Ke Xu,1,2* Carolyn Maharaj1

1Department of Haematology; 2Specialist Integrated Haematology Malignancy Diagnostic Service, Health Services Laboratories, University College London Hospitals NHS Foundation Trust, University College London, London, UK.

*Correspondence:

Ke Xu, Department of Haematology, University College London Hospitals NHS Foundation Trust, 250 Euston Road, London NW1 2PG, UK. Phone: (+44) 02034567890, Email: Ke.xu@nhs.net.

 

An 83-year-old man presented with macrocytic anaemia, vasculitis-appearing skin rash, Sweet syndrome and unprovoked subclavian deep venous thrombosis (DVT). A complete blood count showed Hgb 102 g/L, MCV 117 fL, WBC 3.6 x 109/L, neutrophil 2.5 x 109/L, and platelet 160 x 109/L. Bone marrow aspirate showed cytoplasmic vacuoles in myeloid and erythroid precursor cells. There was no excess of blasts. Some dysplastic neutrophils with abnormal nuclear lobation including hypo-lobation were present. These morphological findings raised the diagnostic consideration of vacuoles, E1 enzyme, X-linked, autoinflammatory, and somatic (VEXAS) syndrome. Next generation sequencing (NGS) testing identified pathogenic variant UBA1 p.Met41Val [variant allele frequency (VAF) 72%], confirming the diagnosis of VEXAS syndrome. Trephine biopsy sample was hypercellular with no evidence of increased blasts, lymphoma or plasma cell neoplasm. The patient was treated with rivaroxaban, prednisolone and azacytidine with resolution of symptoms and full recovery of blood count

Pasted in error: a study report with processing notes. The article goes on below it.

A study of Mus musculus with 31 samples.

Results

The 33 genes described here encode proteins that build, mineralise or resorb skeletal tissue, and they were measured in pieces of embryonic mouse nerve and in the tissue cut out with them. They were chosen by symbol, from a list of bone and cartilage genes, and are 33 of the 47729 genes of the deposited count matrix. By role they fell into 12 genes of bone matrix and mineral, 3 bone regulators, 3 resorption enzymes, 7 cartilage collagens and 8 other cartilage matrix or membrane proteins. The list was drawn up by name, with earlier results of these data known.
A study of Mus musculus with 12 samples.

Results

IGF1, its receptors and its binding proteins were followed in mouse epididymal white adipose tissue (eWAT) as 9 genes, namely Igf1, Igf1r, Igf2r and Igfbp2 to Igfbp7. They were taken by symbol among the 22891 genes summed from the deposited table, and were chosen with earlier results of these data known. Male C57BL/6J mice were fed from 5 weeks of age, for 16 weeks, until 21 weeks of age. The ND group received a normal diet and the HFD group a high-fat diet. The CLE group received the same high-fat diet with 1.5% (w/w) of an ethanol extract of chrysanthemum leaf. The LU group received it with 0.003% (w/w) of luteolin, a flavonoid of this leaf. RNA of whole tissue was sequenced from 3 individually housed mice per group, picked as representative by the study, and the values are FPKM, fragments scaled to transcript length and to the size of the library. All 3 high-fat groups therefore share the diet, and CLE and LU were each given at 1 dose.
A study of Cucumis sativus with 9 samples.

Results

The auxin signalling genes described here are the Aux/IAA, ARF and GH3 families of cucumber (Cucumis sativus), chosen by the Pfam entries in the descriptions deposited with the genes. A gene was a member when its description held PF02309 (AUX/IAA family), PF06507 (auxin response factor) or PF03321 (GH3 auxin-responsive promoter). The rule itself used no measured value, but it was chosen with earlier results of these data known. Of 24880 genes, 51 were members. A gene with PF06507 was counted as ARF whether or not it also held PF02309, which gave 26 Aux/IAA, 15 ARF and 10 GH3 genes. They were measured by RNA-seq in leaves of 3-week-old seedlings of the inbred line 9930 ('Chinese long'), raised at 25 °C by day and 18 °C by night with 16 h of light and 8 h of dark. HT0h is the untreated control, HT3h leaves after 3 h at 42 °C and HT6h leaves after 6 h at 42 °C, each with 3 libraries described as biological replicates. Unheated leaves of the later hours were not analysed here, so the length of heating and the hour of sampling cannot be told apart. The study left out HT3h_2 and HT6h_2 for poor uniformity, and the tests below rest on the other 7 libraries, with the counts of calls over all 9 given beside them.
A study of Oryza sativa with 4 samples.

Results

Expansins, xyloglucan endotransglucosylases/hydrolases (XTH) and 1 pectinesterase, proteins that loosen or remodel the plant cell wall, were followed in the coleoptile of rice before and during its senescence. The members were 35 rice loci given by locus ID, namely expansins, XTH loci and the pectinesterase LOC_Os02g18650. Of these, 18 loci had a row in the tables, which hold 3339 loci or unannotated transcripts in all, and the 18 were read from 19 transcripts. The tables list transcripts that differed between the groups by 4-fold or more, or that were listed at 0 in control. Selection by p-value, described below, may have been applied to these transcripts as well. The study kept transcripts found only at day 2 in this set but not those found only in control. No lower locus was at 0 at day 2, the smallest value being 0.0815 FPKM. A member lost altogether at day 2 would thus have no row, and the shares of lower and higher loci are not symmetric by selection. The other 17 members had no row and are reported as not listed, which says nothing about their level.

VEXAS syndrome is an adult-onset autoinflammatory disease. It is caused by somatic mutation in UBA1 gene [1]. This case highlights the importance of identifying VEXAS syndrome-related bone marrow morphology and testing for UBA1 mutation.

Bone marrow aspirate showing vacuolation in maturing myeloid and erythroid precursor cells
Figure 1: Bone marrow aspirate showing vacuolation in maturing myeloid and erythroid precursor cells (May-Gr├╝nwald-Giemsa stain x 600 magnification).

Acknowledgments

The authors received no financial support for the research, authorship, and publication of this article. The authors have no conflict of interest.

References

  1. Beck DB, Ferrada MA, Sikora KA, et al. Somatic Mutations in UBA1 and Severe Adult-Onset Autoinflammatory Disease. New Engl J Med. 2020; 383(27): 2628-2638.